Climate change and changes in zooplankton biomass in the North Atlantic
Lead Supervisor – Claudia Castellani (SAHFOS), Dr Cathy Lucas (Ocean & Earth Science, Uos) and Martin Edwards (SAHFOS)
Sir Alister Hardy Foundation for Ocean Science, Plymouth, United Kingdom
Recent studies have indicated that global warming will result in a spatial reorganisation of marine communities favoring an increase in smaller species (1, 2, 3). Such changes are predicted to impact both marine food-webs and biogeochemical cycling through decreases in total biomass, in the size fraction available to higher trophic levels (i.e. fish, birds and mammals) and in downward carbon export due to increased microbial remineralisation at the ocean surface. Zooplankton body size is a key parameter for the estimation of biomass, productivity and energy flux within marine ecological systems. However, zooplankton size and body composition can vary greatly both seasonally and spatially as a result of differences in environmental conditions under which the organism grow and develop. Yet, accurate estimates of zooplankton body size and biomass particularly over wide spatial and temporal scales are rare. Consequently, ecological and modelling studies calculate zooplankton biomass and productivity using mean body sizes reported in the literature or determined from published allometric equations (1). This approach is likely to result in gross estimate errors, which at the present remain unquantified. The aim of this study is to quantify spatial and temporal changes in zooplankton size and biomass in the North Atlantic using a fast imaged-based automatic device (4).
Zooplankton body size has been classically determined through labor intensive microscopic measurements of the organism. From this, biovolume can then be estimated by approximating specimens to geometrical shapes and biomass by determining the weight or elemental composition (i.e. usually C and N). Microscopic measurements are time consuming and hence such determinations are rare in the literature. Recent development of automated optical systems, such as FlowCAM has enabled faster routine measurement of zooplankton size and their identification (4). The student will determine the basin scale variability in zooplankton taxa size and biomass by automatic analysis with Macro-flowCAM of preserved zooplankton samples collected by the Continuous Plankton Recorder (CPR) in the North Atlantic between 1960 and 2016. Zooplankton biomass will be determined through the analysis of CPR material using a C/N analyser. Both size and biomass measurements of zooplankton from CPR samples will be calibrated against non-preserved zooplankton samples collected at the same time of the year and in the same area using both fixed sampling stations in the English Channel (i.e. L4 and E1) and field work opportunities planned in the North Atlantic between 2017-2019 (NERC Arctic Food-webs program; AtlantOS https://www.atlantos-h2020.eu/).
The SPITFIRE DTP programme provides comprehensive personal and professional development training alongside extensive opportunities for students to expand their multi-disciplinary outlook through interactions with a wide network of academic, research and industrial/policy partners. The student will be registered at the University of Southampton and hosted at the Sir Alister Hardy Foundation for Ocean Science (SAHFOS). SAHFOS operates the Continuous Plankton Recorder (CPR) survey which is recognised as the longest and geographically most extensive marine biological survey in the world. The dataset comprises of ~1000 taxa recorded over multi-decadal periods. Training will include plankton ecology, global climate change and statistical techniques in spatial and temporal data analysis.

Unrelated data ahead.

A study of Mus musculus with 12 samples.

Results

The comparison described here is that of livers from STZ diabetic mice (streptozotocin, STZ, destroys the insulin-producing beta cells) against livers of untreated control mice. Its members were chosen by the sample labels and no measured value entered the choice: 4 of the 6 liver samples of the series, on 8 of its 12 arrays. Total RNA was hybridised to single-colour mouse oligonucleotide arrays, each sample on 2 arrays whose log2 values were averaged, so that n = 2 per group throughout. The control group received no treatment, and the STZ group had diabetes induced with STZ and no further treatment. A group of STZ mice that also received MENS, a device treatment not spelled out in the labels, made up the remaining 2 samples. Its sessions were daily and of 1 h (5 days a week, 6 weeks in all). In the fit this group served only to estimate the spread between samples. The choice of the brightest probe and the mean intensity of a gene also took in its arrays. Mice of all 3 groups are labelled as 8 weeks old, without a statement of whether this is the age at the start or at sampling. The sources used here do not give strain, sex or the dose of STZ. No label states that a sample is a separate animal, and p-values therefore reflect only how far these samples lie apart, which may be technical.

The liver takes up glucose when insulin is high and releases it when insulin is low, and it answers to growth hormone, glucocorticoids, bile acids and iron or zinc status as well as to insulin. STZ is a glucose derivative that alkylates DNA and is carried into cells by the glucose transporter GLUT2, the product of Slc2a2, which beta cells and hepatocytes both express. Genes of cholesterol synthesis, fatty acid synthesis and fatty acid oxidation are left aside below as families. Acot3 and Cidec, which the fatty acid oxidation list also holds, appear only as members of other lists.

Specific training will include: 1) taxonomic identification of North Atlantic zooplankton taxa, 2) operation of the image-based analyser, Macro-FlowCam for automatic determination of the size and identification of the taxa of zooplankton, 3) determination of carbon and nitrogen content of zooplankton using C/N analyser.
We anticipate that the student will also partake in planned research cruises in recently funded projects (NERC Arctic, EU-project AtlantOS). Opportunities also exists with colleagues at NOC or other institutes (IMR, Norway; HAFRO, Iceland; DFO, Canada) to partake in additional cruises in the Arctic and in temperate North Atlantic areas.
Eligibility & Funding Details:
This SPITFIRE project is open to applicants who meet the SPITFIRE eligibility, alongside other exceptional applicants and will come with a fully funded studentship for UK students and EU students who meet the RCUK eligibility criteria. To check your eligibility and find information on how to apply click here.
UK applicants and EU students who meet the RCUK eligibility criteria please apply to SPITFIRE . This project is also open to applicants who DO NOT meet the SPITFIRE funding eligibility criteria via GSNOCS by applying to GSNOCS . Please make sure you apply to the correct programme and applications from non SPITFIRE eligible applicants will be rejected automatically.
Apply here http://noc.ac.uk/gsnocs/how-apply
- Beaugrand G., Edwards M. and Louis Legendre (2009) Marine biodiversity, ecosystem functioning, and carbon cycles. PNAS, 107: 10120–10124
- Daufresne M., Lengfellner K and Sommer U. (2009) Global warming benefits the small in aquatic ecosystems. PNAS, 106: 12788–12793
- Sheridan J.A. and Bickford D. (2011) Shrinking body size as an ecological response to climate change. Nature Climate Change, 1: 401-406.
- Alvarez E., Lopez-Urrutia A. and Nogueira E. (2011) Improvement of plankton biovolume estimates derived from image-based automatic sampling devices: application to FlowCAM, Journal of Plankton Research, 34: 454-469.